The Jonestown story continues to find resonance for a number of writers, poets, painters, playwrights, and musicians, who offer artistic interpretations of the events through their own individual visions.
Jonestown in Books
• Tim Stoen has published the third edition of his memoir. Entitled Surviving Utopia, the book is, in the author’s description of it, “a more autobiographical, less ‘academic,’ version of Love Them to Death, published in March 2017.” The original title of the book, publishing in December 2015, was Marked for Death: My War with Jim Jones the Devil of Jonestown and was reviewed twice for this site, by Matthew Thomas Farrell and John R. Hall.
• San Francisco Year Zero, a book by Lincoln Mitchell published in late 2019, takes a single year from the history of San Francisco to provide a basis for understanding the Bay Area in the present day. The year he chooses is 1978. While much of the book focuses on Mitchell’s main interest of baseball, it spends much time on the Peoples Temple tragedy and the assassinations of two city leaders, Mayor George Moscone and Councilman Harvey Milk, ten days later “as moments that ultimately changed San Francisco’s fate but also provides somewhat of a corrective on the often misconstrued, or altogether ignored, narratives of the city’s identity.”
Jonestown in Music
• Skynd, a trio of musicians of electronica – whose origins are apparently as mysterious as the identities themselves – has produced a half dozen songs and videos commemorating mass murderers from the past. One of their songs – entitled simply Jim Jones – includes lyrics taken from the so-called “Death Tape,” recorded on Jonestown’s last day, as well as references to White Nights. The video images are mainly of figures draped in sheets, bathed in white or red light, although there are several images of anonymous people embracing each other before they drink from a goblet.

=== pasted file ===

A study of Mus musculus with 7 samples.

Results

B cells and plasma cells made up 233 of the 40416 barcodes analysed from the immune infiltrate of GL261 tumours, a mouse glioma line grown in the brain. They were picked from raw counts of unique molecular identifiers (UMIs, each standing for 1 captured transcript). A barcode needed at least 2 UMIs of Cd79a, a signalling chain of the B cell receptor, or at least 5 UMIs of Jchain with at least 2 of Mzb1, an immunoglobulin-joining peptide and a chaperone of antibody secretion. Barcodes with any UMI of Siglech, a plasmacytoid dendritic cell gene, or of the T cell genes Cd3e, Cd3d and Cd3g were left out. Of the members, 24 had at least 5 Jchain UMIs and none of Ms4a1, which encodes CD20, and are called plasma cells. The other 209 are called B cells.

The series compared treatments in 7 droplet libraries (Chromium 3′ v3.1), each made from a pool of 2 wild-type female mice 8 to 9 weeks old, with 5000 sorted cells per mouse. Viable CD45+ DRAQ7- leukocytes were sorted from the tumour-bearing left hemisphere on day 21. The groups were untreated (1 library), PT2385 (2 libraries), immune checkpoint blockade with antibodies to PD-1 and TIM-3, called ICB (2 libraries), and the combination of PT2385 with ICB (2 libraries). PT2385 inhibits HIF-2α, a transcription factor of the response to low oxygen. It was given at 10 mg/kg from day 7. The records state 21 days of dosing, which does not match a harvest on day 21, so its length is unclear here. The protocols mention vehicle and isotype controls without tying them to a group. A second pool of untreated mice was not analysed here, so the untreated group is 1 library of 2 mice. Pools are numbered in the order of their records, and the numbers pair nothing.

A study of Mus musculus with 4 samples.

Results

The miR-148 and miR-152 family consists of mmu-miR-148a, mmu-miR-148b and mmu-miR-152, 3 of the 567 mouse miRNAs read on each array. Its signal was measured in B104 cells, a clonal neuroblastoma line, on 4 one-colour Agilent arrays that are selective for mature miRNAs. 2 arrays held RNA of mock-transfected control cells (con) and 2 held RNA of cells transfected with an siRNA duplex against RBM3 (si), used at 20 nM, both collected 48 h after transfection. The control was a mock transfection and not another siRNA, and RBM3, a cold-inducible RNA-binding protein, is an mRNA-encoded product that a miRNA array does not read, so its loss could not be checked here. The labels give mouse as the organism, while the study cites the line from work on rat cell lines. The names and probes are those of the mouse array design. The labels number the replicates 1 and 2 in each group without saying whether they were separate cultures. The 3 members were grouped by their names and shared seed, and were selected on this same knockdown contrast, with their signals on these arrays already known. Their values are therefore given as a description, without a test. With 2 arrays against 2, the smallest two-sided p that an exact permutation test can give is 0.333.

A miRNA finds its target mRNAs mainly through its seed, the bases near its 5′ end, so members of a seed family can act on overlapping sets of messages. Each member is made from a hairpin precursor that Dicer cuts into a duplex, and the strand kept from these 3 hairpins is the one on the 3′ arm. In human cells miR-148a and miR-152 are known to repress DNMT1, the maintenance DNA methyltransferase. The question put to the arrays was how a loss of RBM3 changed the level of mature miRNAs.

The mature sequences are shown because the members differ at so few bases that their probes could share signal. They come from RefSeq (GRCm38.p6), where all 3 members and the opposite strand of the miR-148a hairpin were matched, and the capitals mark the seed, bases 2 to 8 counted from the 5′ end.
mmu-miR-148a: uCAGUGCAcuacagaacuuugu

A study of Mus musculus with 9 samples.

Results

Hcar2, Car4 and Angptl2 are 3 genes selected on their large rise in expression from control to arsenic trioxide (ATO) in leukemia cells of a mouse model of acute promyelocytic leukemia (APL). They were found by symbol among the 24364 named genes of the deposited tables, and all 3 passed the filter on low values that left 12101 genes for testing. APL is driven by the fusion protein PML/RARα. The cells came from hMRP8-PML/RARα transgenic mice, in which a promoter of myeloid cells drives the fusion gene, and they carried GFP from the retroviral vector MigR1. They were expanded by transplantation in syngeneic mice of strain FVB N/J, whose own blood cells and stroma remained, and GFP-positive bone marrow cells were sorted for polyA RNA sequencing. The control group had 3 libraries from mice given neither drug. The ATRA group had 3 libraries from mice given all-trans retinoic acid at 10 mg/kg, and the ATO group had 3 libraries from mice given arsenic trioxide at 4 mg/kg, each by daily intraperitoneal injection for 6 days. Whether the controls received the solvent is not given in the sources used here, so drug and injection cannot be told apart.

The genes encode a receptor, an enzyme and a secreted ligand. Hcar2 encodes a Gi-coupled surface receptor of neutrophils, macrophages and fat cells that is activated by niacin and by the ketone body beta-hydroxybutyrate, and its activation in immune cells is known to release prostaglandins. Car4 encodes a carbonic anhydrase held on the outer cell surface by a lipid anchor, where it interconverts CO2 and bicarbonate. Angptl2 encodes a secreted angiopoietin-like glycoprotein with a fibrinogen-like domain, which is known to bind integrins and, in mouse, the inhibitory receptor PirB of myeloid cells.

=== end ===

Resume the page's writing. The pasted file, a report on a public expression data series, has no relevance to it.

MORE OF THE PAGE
• A K-pop artist initially denied that he knew who Jim Jones was when he used part of the so-called “Death Tape” as the introduction to the track “What Do You Think?” on his D-2 mixtape album released in May 2020. Faced with criticism over the use of the snippet of audio of Jim Jones, the record label for BTS Suga countered, “the producer of this song selected the audio sample as he was considering the mood of the track, with no ulterior intentions and no knowledge of the person who delivered the speech.” The statement did not mollify Suga’s critics, who pointed to additional references to Jonestown in the artist’s previous works and in those of artists with whom he had collaborated. The producers later offered an apology “for anyone who may have been hurt or offended” and re-issued the track without the sample.
• The Musical Hype, a website that has compiled playlists based on various themes, has created a list of 10 Songs About Cult Leader Jim Jones & Jonestown.
Jonestown in Film
• The independent film, The Jonestown Defense, had its world premiere on August 21, 2020 at the MethodFest Film Festival in Sherman Oaks, California. The dramatic film, which follows a businessman dealing with collapse in both his professional and personal life, takes its title from the phrase, “Jonestown defense,” defined as a defensive tactic employed by the management of a target company to prevent a hostile takeover but which is so extreme that it often leads to the destruction of the target corporation. The expression takes its origin in the Jonestown tragedy.
• In a January 24, 2020 interview with Hollywood news site Deadline, FilmNation President of Production Ben Browning made a long-delayed announcement of plans to shoot a film called White Night, based upon Seductive Poison, Debbie Layton’s story of her life in Peoples Temple. There has been no additional publicity about the filming.
Similarly, there have been no news developments since the beginning of the year regarding several other film projects known to have been in development, suggesting that they may have been affected by the shutdown in many film productions due to the COVID-19 pandemic.